Quite often in life, those things which are most simple and obvious are also the most profound and difficult. Things like love and money. And journaling.

Taking the time to pause and reflect, to focus on yourself, and to express to yourself what you find couldn't be a more natural impulse. Most people, while hurtling pell-mell through existence, want to take a breather now and then.

But getting there, actually stopping other things in order to sit down with a journal, seems to be a mighty challenge. And then even if you manage to quiet your environment and pick up your pen, a thousand doubts can stymie getting the words on the page.

Here, then, are a few principles to keep in mind, to assuage your anxieties and open the way to journaling bliss.

1. Always journal the right way
Gasp. What's the right way, you wonder? Simple. There is only one right way to journal, and that’s your way. When, why, and how you do it is always your personal choice. Never let anyone tell you otherwise. Journaling the right way is journaling, whatever form it takes. Period.

2. And also journal in special ways
You may, however, experiment with journaling for certain definite purposes, and you may even do some guided journaling.

Journaling for the Health of It (TM), for example, is the pen and notebook type of journaling. There is something about the connection of your hand to the pen to the page that enables you to get into more of who you are. When using computers or other electronic devices, it's a different experience entirely.

You might try journaling a trip; or drawing your journal instead of writing it; or journaling at night if you usually write in the mornings. Change things up now and again, just for fun, and to remind yourself not to take your self too seriously.

3. Don't judge your journal by its cover
Think you have to have a beautiful moleskin or silk-bound volume to hold your journal? On the contrary, it's probably best to just grab a notebook that's been lying around, or one that you can pick up at the drug store. Nothing's more disappointing than buying a beautiful, expensive journal and then waiting for the absolutely perfect opportunity to use it. You’ll find yourself saying, "I bought this beautiful journal about 4 years ago and I have been meaning to get to it, but .… "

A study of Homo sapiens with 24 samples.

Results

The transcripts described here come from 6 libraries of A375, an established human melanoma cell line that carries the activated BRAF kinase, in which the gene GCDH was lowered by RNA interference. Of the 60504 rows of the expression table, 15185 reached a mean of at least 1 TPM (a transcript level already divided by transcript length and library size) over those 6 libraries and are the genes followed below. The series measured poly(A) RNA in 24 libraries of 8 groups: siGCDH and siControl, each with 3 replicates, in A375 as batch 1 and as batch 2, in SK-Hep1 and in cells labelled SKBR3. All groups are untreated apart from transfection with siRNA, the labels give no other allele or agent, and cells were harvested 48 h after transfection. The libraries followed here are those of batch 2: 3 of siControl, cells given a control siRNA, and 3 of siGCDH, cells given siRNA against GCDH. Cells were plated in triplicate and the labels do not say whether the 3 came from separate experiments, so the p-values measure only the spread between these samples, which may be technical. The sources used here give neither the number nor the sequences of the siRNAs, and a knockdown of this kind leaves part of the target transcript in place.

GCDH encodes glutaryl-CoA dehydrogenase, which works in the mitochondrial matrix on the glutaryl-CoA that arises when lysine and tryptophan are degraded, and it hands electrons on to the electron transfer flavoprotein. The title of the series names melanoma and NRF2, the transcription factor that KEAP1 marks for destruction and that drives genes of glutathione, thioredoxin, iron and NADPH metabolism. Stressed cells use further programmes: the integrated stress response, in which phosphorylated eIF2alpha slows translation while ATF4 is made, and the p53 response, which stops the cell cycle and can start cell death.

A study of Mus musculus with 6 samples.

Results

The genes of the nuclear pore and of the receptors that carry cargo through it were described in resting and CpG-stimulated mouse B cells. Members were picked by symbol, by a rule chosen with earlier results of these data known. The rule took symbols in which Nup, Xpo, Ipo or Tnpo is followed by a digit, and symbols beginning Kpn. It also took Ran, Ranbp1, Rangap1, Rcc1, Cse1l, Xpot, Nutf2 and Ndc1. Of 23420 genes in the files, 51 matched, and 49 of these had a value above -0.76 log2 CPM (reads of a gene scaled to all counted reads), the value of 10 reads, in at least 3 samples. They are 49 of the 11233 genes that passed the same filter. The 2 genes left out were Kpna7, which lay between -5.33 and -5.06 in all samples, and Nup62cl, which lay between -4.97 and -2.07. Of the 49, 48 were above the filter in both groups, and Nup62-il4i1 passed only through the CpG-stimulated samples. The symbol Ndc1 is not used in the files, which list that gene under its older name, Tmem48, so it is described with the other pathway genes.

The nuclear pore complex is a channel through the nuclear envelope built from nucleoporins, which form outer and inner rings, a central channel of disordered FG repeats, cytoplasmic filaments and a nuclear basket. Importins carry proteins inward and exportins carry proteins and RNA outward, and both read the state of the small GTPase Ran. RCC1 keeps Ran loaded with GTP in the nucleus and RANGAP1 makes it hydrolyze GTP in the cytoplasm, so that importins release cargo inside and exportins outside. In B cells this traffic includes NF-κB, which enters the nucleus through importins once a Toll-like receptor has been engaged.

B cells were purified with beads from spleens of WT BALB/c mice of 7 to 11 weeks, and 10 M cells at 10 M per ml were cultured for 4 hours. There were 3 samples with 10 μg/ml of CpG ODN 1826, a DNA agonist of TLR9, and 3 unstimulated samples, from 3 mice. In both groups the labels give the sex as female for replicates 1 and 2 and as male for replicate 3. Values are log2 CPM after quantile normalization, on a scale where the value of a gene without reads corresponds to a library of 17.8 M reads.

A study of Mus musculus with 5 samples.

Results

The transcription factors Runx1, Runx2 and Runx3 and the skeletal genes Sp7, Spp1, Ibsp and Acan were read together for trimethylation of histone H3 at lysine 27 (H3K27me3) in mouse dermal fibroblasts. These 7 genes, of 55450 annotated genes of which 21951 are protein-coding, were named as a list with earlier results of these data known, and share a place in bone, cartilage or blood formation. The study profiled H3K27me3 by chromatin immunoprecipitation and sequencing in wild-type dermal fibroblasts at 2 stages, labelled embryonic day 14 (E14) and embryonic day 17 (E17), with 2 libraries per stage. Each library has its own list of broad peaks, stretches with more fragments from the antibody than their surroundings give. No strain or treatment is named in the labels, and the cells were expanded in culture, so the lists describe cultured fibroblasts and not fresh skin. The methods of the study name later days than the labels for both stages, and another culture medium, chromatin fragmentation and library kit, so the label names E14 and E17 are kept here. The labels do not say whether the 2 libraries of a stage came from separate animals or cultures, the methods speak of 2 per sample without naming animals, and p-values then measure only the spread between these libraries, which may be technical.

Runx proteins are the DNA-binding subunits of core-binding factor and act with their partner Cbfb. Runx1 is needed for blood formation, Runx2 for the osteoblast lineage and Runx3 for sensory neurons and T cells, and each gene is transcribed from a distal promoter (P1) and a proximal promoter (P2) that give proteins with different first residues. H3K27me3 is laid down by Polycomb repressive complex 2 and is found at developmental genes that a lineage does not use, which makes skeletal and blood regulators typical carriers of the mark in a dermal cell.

Leave the gilt-edged tomes to the museums. For journaling, simple and inexpensive is best.

4. Note changes in yourself
We love to see the results of our efforts, so as you establish your journaling practice, keep an eye out for signs. Within two to three weeks, you'll notice some change in yourself. You may walk a tad more lightly, smile a bit more readily.
Conversely, you may be sobered by this new perspective on your life. Whatever the small changes, you can document and discuss them in your journal.

5. The times when you least feel like journaling are the times when you need it most
When you find yourself feeling stressed, unproductive, or frustrated, do a big data dump with your journal. Ask it a question. Have a dialogue with it.
When you’re sluggish and the last thing in the world you feel like doing is journaling, that is a perfect opportunity to find out what’s really going on inside.

6. No one is grading your journal, so ignore your inner critics.
If writing itself is a concern for you, you may wish to practice the Ten-Minute Missive (inspired by Julia Cameron's 'Morning Pages'). Start with, "Today I feel…" and write in stream of consciousness for ten minutes.

You can barrel past your worries about writing by simply writing, full speed, completely ignoring the voice that says you can't do it.

7. Can't find the time to write? Ask your journal for advice
It's not easy to get into the habit of making time for yourself. Often, even five or ten minutes seems too much.

If you need help making time, use your journal to find the answer. Write the question, "How can I find the time to journal?" and do a page or Ten-Minute Missive, and you’ll come up with the answer.

We have the answers inside of ourselves. We think that we don’t, but we really do.

Author's Bio: 

By Mari L. McCarthy - Journal / Writing Therapist. Are you looking for more information on journaling and its therapeutic effects? Please visit http://www.CreateWriteNow.com. My trademarked program, Journaling for the Health of It! ™, helps my clients live healthier and happier lives. I recently published an interactive ebook, 53 Weekly Writing Retreats: How to Use Your Journal to Get Healthy Now.